Hands Off Medicare Part D
Proposed changes to access to lifesaving meds would have killed us
by Hank Trout
Last month, I filmed a PSA about the devastating changes the Trump-Pence cabal have proposed for Medicare Part D, the prescription drug coverage under Medicare. The PSA is one in a series produced by the San Francisco AIDS Foundation and Precision Strategies out of New York City featuring real Medicare recipients talking about the effects the proposed changes would have on our lives.
Fortunately, on May 16, 2019, the administration said that it would maintain existing policy for HIV drugs and not allow plans to institute prior authorization and step therapy in the Medicare Part D program. Carl Schmid, Deputy Executive Director of The AIDS Institute, issued the following statement:
“We are pleased that Secretary Azar and the Trump Administration listened to the patients and widely accepted HIV treatment guidelines by rejecting their proposal to institute prior authorization and step therapy for HIV drugs for the first time in the Medicare Part D Program. At a time when the Administration is focused on ending the HIV epidemic in the United States by increasing access to HIV drugs for treatment and prevention, allowing such bad medicine would not have made sense.”
Under current rules, all Part D prescription insurance plans must cover all drugs from six protected classes on their formularies. Those classes are: antidepressants; antipsychotics; anticonvulsants; immunosuppressants for treatment of transplant rejection; antineoplastics; and of utmost important to us HIV-positive long-term survivors, antiretrovirals. Under the guise of reducing prescription costs, the proposed rule would have allowed Part D sponsors to: 1) implement broader use of prior authorization (PA) and step therapy (ST) for protected class drugs; 2) exclude a protected class drug from a formulary if the drug is merely a new formulation of an existing single-source drug or biological product, regardless of whether the older formulation remains on the market; and 3) exclude a protected class drug from coverage if the price of the drug increases beyond the Consumer Price Index for all Urban Consumers (CPI-U) in comparison to a baseline month and year.
Medicare Part D has been instrumental in the fight against HIV/AIDS, ensuring access to life-saving medications for PLHIV who otherwise could not afford them. It created a protected class of drugs that ensured enrollees living with serious, chronic and, in the case of HIV, infectious health conditions, can directly access the best treatments as prescribed by their medical providers. The proposed changes would have eliminated medications from this protected class status of drugs for approximately 45 million people receiving drug coverage through Medicare Part D, including over 250,000 people living with HIV.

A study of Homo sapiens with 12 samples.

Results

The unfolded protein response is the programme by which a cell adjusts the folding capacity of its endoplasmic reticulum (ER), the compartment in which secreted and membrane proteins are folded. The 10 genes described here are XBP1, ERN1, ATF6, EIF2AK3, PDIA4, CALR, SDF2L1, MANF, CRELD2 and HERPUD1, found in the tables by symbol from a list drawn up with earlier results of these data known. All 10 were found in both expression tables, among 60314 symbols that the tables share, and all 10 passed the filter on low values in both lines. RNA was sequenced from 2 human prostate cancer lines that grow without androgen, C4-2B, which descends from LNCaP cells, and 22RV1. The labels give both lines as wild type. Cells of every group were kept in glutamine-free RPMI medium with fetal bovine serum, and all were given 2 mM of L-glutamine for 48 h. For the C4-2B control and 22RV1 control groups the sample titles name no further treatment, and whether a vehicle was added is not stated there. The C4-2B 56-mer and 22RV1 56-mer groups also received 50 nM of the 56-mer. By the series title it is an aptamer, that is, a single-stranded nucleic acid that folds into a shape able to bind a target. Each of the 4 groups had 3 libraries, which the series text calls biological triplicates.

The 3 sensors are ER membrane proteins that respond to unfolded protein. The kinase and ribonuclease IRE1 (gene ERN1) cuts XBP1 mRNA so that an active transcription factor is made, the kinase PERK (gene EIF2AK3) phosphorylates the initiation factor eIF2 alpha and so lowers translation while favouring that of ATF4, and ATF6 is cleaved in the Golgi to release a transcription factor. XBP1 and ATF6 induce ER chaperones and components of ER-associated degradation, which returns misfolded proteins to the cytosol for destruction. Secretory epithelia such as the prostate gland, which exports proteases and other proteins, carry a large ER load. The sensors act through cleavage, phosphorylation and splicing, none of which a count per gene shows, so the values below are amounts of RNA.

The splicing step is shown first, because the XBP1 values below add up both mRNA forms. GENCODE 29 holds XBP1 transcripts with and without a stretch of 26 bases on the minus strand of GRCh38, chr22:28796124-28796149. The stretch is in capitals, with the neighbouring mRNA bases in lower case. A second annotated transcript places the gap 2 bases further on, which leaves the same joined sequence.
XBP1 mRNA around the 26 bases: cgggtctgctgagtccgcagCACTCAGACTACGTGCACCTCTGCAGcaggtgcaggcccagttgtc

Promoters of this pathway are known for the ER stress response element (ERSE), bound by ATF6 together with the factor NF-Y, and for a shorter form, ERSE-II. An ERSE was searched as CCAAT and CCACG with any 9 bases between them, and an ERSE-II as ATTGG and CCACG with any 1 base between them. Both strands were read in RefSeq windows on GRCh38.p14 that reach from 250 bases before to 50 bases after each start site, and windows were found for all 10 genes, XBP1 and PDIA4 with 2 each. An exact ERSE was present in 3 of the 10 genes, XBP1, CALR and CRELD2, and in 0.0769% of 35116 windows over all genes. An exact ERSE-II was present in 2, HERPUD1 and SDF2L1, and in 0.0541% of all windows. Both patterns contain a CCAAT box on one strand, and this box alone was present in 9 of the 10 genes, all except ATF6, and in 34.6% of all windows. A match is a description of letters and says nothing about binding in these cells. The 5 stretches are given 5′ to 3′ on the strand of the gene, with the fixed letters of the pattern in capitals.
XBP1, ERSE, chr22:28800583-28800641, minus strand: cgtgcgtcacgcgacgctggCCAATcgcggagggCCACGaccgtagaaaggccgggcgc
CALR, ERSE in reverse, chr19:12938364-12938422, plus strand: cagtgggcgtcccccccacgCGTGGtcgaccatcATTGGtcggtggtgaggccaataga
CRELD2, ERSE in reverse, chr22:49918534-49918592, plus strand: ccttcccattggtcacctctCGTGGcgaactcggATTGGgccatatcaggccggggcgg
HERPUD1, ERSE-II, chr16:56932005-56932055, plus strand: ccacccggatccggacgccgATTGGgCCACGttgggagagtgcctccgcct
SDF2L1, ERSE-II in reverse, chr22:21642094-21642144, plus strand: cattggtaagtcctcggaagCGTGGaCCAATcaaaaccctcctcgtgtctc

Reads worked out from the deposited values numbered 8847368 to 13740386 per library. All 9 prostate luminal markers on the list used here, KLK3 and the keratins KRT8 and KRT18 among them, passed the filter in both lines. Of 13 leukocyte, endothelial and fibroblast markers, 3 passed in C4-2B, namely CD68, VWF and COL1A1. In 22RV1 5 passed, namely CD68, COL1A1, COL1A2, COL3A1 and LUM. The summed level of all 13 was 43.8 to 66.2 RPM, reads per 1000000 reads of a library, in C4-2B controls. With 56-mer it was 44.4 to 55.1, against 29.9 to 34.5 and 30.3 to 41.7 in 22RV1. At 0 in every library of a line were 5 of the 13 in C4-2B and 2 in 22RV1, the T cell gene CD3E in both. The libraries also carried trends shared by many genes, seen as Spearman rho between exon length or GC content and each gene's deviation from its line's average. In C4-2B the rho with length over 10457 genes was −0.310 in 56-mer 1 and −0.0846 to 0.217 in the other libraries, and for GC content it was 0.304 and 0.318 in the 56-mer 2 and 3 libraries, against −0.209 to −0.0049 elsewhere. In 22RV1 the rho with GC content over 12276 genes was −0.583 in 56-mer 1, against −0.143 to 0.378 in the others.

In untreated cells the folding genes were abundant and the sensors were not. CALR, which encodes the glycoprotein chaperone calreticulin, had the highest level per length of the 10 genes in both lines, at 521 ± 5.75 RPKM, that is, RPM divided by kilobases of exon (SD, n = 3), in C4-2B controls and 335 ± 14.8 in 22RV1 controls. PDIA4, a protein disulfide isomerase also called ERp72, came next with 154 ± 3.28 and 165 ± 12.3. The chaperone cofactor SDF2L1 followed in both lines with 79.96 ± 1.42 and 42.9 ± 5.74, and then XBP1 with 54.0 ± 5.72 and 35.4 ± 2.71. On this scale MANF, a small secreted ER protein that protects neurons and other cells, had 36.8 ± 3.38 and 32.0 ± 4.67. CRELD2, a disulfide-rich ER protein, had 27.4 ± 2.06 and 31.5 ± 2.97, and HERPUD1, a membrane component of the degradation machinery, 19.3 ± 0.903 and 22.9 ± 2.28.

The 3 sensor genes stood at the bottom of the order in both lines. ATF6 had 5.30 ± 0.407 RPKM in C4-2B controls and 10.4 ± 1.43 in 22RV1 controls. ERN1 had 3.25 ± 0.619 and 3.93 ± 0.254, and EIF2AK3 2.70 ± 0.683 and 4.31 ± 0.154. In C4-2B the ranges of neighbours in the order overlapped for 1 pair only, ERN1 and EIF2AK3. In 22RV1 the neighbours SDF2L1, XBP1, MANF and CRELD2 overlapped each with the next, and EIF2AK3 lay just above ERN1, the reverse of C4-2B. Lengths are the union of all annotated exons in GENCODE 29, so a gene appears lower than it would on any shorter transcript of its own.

The changes would have allowed Part D insurers to exclude a protected class drug, such as antiretrovirals, when the price for the drug rises faster than inflation. This would have empowered providers to stop covering more expensive HIV treatments and would have discouraged pharmaceutical companies from creating new medications.
The most dangerous aspect of the proposed changes is that the proposal would have encouraged “step therapy,” forcing people PLHIV to try older, less effective, but lower-cost treatments first, crossing your fingers that they work, rather than the treatment their physician deems most effective. The proposed “try-the-cheap-stuff-first-and-see” step therapy approach would have enabled insurers to force newly diagnosed patients to start treatment using older, less efficient, less expensive medications to see if they work before changing to newer, more expensive, more effective alternatives, ignoring what your doctor has determined is the best treatment for you. It would also have enabled insurers to force HIV-positive Medicare recipients who are already on successful antiretroviral regimens to change those regimens to include cheaper medications which might not work.
It is no exaggeration to say that these proposed changes could have killed some of us.
When SFAF and Precision Strategies approached me to record this PSA in opposition to the proposed changes, I leapt at the chance. Although my HIV medications are covered through ADAP (the AIDS Drug Assistance Program), I rely on Medicare Part D to cover a bucketful of other prescriptions that I take. Those medications—for arthritis, emphysema, osteoporosis, asthma, COPD, chronic pain, fatigue, and depression—are all covered by Medicare Part D. The proposed changes would have made those medications prohibitively expensive for me. If “prior authorization” and “step therapy” are applied to those medications, I could lose them altogether.
While I celebrate the Administration’s decision not to institute these rule changes, I am horrified that the changes were ever even considered. I cannot help thinking that the only real reason for the proposed changes was to punish those of us who are long-term HIV survivors. And that makes me mad as hell!
Hank Trout, Senior Editor, edited Drummer, Malebox, and Folsom magazines in the early 1980s. A long-term survivor of HIV/AIDS (diagnosed in 1989), he is a forty-year resident of San Francisco, where he lives with his fiancé Rick. Follow him on Twitter @HankTroutWriter.